Hundreds Rally for Clean Energy in Springfield

Over 500 gather to support the Clean Energy Jobs Act, protecting communities from coal ash and opposing ratepayer-funded bailouts

SPRINGFIELD, IL Today, hundreds of community leaders, environmental and renewable energy advocates, faith leaders, business representatives, consumer groups and students from around Illinois gathered at the Illinois State Capitol for Clean Energy Lobby Day. Participants met with their state representatives to advocate on behalf of the Clean Energy Jobs Act (CEJA, SB2132/HB3624) and protections against toxic dirty energy practices.

“Clean Energy Lobby Day is our annual opportunity to show lawmakers that their constituents are invested in clean energy and protecting the environment and that they are ready to hold them accountable for their votes on these issues,” said Jen Walling, executive director of the Illinois Environmental Council.

Many state legislators joined the crowd of over 500 to call for passage of the Clean Energy Jobs Act, which, in addition to getting Illinois to 100% renewable energy by 2050, will also create a carbon free grid by 2030, clean the transportation sector significantly, keep a lid on energy bills, and generate jobs and economic opportunity throughout Illinois. 

“I’m fighting to ensure that the people of Illinois—from one end of the state to the other—have the opportunity to benefit from Illinois’ clean energy economy,” said State Sen. Cristina Castro, chief sponsor of CEJA. “The Clean Energy Jobs Act offers a comprehensive plan to make a low-cost, prosperous clean energy future a reality.” 

The Clean Energy Jobs Act will result in more than 40 million solar panels and 2,500 wind turbines—enough to power 4 million homes—being built in Illinois by 2030, generating more than $30 billion in new infrastructure. It also would broaden energy efficiency standards and implement electricity market reforms to spark savings for consumers while greatly expanding renewable energy investment in the state. 

“I am proudly sponsoring the Clean Energy Jobs Act because Illinois is at a crossroads, and the question before the General Assembly is not whether a clean energy future is necessary, but rather, whether or not Illinois will be left behind in building it. CEJA answers that question by ensuring that Illinois take the lead in creating a clean, safe and flourishing energy future for all Illinoisans,” said CEJA chief house sponsor State Rep. Ann Williams. 

To help achieve equity in the clean energy economy, the CEJA calls for the creation of Clean Jobs Workforce Hubs, a network of frontline organizations that would provide support for minority and disadvantaged communities. The bill also gives preferences to companies that ensure equitable representation in Illinois’ clean energy workforce.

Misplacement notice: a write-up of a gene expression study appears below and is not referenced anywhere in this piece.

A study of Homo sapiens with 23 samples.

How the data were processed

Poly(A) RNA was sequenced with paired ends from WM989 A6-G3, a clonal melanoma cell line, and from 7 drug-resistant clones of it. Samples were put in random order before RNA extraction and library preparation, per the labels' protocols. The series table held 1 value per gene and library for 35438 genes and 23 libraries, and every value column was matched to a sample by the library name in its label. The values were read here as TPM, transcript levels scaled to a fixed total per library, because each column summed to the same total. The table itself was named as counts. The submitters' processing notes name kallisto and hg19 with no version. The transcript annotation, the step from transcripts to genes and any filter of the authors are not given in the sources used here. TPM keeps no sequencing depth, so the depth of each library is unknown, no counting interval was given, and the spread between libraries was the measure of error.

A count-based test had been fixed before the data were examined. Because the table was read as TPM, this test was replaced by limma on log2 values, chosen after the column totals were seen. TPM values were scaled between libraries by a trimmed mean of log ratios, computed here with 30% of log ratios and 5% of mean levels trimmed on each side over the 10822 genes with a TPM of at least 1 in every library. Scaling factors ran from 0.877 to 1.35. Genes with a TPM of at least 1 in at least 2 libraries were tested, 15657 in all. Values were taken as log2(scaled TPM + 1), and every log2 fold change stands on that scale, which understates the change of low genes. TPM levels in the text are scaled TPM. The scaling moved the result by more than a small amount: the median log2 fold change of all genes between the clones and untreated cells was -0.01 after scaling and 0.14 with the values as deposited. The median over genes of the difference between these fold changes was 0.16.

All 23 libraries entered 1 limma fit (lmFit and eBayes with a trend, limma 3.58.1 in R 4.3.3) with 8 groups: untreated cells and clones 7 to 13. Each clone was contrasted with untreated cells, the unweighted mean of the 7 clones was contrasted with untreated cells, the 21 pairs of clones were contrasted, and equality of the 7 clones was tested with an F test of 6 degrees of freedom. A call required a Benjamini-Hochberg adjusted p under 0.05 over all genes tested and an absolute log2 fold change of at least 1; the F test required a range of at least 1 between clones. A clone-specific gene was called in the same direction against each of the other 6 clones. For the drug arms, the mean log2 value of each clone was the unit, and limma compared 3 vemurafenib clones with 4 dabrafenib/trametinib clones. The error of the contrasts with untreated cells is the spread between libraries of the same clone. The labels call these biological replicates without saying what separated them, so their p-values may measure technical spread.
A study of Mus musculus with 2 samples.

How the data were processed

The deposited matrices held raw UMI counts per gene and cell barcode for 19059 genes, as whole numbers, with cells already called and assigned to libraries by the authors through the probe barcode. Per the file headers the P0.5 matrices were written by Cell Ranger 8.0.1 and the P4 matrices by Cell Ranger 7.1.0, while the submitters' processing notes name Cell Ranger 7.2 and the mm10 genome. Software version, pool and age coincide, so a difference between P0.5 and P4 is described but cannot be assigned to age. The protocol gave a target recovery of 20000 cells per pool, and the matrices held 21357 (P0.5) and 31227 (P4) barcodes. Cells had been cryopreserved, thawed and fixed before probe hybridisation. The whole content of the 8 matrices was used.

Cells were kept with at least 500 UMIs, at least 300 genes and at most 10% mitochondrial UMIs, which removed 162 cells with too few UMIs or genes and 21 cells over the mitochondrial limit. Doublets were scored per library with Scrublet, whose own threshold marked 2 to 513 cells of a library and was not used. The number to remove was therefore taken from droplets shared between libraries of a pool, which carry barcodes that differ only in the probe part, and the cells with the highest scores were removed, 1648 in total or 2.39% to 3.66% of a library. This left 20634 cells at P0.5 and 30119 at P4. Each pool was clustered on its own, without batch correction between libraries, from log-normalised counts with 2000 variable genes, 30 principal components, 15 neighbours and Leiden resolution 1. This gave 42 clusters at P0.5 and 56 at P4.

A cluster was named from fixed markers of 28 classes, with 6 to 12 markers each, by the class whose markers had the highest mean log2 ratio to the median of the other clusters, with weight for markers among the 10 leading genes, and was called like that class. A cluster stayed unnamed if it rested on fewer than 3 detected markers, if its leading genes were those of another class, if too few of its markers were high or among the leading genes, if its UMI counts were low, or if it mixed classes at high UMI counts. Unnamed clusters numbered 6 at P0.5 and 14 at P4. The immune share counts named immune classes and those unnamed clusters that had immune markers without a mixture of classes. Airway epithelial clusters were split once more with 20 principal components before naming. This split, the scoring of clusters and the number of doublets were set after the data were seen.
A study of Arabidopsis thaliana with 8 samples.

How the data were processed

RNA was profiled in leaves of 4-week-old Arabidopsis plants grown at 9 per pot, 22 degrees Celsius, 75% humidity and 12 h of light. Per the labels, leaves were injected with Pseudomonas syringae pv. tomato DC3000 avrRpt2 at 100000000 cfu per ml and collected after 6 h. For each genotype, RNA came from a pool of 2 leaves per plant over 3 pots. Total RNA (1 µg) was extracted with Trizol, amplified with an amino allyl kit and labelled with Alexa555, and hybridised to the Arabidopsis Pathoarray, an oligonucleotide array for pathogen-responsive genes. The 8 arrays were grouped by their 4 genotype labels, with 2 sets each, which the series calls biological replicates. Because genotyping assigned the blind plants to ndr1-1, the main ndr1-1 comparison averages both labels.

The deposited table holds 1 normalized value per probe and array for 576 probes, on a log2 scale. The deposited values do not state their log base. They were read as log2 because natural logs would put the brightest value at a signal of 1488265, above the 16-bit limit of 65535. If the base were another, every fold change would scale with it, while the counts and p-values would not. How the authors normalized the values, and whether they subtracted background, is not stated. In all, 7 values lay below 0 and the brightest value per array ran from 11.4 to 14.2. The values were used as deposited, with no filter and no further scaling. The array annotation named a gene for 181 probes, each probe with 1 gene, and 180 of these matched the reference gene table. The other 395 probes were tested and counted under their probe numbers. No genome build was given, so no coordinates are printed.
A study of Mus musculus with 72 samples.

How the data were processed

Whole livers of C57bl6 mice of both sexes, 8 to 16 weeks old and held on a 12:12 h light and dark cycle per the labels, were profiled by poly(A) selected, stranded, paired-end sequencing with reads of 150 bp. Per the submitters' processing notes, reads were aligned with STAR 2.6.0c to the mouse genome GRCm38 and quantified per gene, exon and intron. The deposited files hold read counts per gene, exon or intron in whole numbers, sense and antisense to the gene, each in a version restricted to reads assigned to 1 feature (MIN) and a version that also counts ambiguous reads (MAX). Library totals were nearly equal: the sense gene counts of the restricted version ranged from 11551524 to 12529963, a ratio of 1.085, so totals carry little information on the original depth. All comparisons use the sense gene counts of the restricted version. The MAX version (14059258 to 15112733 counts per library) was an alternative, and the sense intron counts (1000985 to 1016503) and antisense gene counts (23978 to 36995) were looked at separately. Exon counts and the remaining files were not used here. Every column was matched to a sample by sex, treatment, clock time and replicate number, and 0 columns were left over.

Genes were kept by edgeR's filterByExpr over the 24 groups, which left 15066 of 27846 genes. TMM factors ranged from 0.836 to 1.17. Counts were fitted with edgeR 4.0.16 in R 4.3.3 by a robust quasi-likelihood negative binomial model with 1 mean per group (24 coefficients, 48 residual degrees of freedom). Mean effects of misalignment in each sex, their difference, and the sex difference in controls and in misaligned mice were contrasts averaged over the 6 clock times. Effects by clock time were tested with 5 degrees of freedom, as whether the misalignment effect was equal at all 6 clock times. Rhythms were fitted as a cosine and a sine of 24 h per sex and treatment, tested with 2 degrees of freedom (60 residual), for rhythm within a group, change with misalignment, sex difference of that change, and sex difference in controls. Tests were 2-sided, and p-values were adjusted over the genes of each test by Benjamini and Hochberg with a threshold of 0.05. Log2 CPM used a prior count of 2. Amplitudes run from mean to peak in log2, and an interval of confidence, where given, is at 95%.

“Illinois passed the Future Energy Jobs Act in 2016, the greatest clean energy milestone in the state’s history, which is creating thousands of jobs in every part of Illinois, saving consumers money on their bills and combating the threat of climate change,” said Noel Sanchez, maintenance professional and active union member of SEIU Local 1. “But, if we stop there, other states will quickly figure out how to lure these safe, quality jobs out from under us, and we simply cannot afford to let that happen.”

Lobby day attendees also advocated for Senate Bill 9, sponsored by Sen. Scott Bennett, which would protect communities from coal ash, a toxic byproduct of burning coal found buried in nearly 80 pits throughout Illinois.

“CEJA will help communities impacted by the decline of coal with a share of the benefits and an equitable path towards a clean energy transition,’ said Dulce Ortiz, co-chair of Clean Power Lake County. “However, as we move away from dirty fuel sources and toward clean power, we cannot afford to forget the legacy of dangerous pollution left over from our old way of doing things. It was powerful to see so many Illinoisans energized today about eliminating toxic coal ash pits that pose a serious threat to communities around the state who are ready to transition to a clean energy future.”

With the burning of coal comes another issue–toxic coal ash that threatens groundwater throughout our state. 

Illinois has more coal ash dump sites than any other state in the nation. Toxic coal ash pollutants have been found leaking into groundwater at every tested ash dump site in the state.

“In my community of Vermillion, we have seen first-hand the devastation from toxic coal ash,” said SB 9 sponsor Sen. Scott Bennett. “That’s why my bill ensures strong protections are put in place for every community in Illinois so that they aren’t left dealing with this problem long after companies are gone.”

A number of other energy bills have been introduced this session. The Illinois Clean Jobs Coalition is urging lawmakers not to pass any energy legislation until they pass the core tenets in CEJA.

“Today people from all walks of life made it clear that we have a moral imperative to act immediately on climate change. We cannot continue to imperil our planet for future generations, sacrificing their health and safety for our short-term gains. It is time to do right by our people and our planet,” said Pastor Kevin James of the United Congregations of Metro East.